Monster Project

Tom Robinson-Volvo 70 Monster Project

Date: 19/10/13
Time: 15:00
Location: 36.22.24N 14.52.98E

So the race has begun and we are now heading towards Sicily at speeds around 12-14 knots under Code 0 with a TWA of 100. We pushed our way through the fleet of smaller boats relatively quicker after rounding the second Rolex buoy and holding a similar pace to the 2 IMOCA 60’s. We’re probably pushing how high we can go with the Code 0 for the wind strength we have, however we feel the need to put the hammer down early on and make as much ground as we can under these idyllic reaching conditions. This weather and Angle isn’t going to stay with us as long as we’d desire eventually getting lighter and turning into a run once we’ve passed the first cape off of Sicily.

Our start was pretty conservative, A time on distance run in at the starboard end under Code 0. We were trying to keep as much height to windward and keep close to the southern side of the break water so that we wouldn’t have to think about tacking to get through the small opening to get to the first Rolex buoy. We’d observed some of the earlier starts having to do this and we are never keen on trying to do quick short manoeuvres within Grand Harbour in a boat designed to do long legs offshore.

The Mini Maxis are still in sight, about 3.5 miles ahead, we’re impressed at their speed for this reach angle. IMOCA 60 ‘GAES’ is almost within touching distance. The Class 40 ‘Fulcrum2’ half a mile to leeward  ETA Capo Passero is around 5PM

We’ve had two minor snags so far; The first is a fracture / break in our top mainsail batten noticed just as we hoisted our mainsail. Although this won’t hamper our performance it does make the leach look a bit ugly. This batten basically holds the square top of the sail up and out. There wasn’t much we could do about it before starting so have decided to leave it in place.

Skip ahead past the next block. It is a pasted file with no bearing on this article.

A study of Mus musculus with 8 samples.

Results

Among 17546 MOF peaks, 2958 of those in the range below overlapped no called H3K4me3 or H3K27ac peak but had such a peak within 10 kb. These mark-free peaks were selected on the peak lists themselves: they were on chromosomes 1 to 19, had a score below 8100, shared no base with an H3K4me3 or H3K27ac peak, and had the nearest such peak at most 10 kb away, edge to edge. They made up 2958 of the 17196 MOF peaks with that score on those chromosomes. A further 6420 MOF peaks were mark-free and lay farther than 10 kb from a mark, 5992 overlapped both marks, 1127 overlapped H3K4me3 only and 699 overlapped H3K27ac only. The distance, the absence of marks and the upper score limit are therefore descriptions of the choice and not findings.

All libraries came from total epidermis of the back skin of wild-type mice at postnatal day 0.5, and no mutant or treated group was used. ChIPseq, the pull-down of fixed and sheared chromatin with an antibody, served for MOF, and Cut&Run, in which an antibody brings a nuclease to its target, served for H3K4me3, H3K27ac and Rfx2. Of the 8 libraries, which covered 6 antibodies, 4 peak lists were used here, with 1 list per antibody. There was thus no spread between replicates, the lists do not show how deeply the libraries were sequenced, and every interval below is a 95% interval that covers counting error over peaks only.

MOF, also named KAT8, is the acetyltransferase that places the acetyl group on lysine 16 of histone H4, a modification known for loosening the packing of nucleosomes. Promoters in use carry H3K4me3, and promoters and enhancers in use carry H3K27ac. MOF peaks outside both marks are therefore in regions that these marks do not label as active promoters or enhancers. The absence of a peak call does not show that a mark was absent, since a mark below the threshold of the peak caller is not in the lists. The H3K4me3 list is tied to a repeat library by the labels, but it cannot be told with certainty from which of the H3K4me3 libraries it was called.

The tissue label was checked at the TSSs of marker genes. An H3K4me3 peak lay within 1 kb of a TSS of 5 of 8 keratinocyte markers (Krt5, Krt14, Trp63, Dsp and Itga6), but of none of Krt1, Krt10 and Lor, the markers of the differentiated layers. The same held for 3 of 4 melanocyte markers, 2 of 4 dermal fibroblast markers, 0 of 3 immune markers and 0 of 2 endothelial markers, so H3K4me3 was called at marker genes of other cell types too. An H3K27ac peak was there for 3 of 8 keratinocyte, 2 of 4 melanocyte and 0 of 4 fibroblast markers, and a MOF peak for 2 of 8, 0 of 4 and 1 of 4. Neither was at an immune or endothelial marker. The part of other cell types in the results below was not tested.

The second;  A release valve for our starboard keel ram was very slightly engaged allowing the ram to ‘free flow’ and therefore putting the entire load of the keel onto the port keel ram. This resulted in a small leak of hydraulic fluid from the port ram under its load and this ‘bleed’. This allowed the keel to drop down from its normal 40 degree position by somewhere in the region of 10 degrees over about 1 hour since the rounding the second Rolex buoy. This impacted our performance slightly, maybe letting the trailing IMOCA 60 pull up level with us but after a quick clean-up and a top up of the hydraulic fluid we’re back at 40 degrees and pushing hard to claw back some ground.

We’ve decided on a rolling watch system starting at 6PM this evening. This has shorter watches at night and longer ones during the day to allow more time to rest and a rotation of sailing at certain times of the day.

For myself personally, I’ve already been forced to open my “Sunday Morale Bag” of fruit juices and sugary sweets to try and recover from a lack of sleep due to late night and early morning boat preparation. Not ideal the night before an offshore!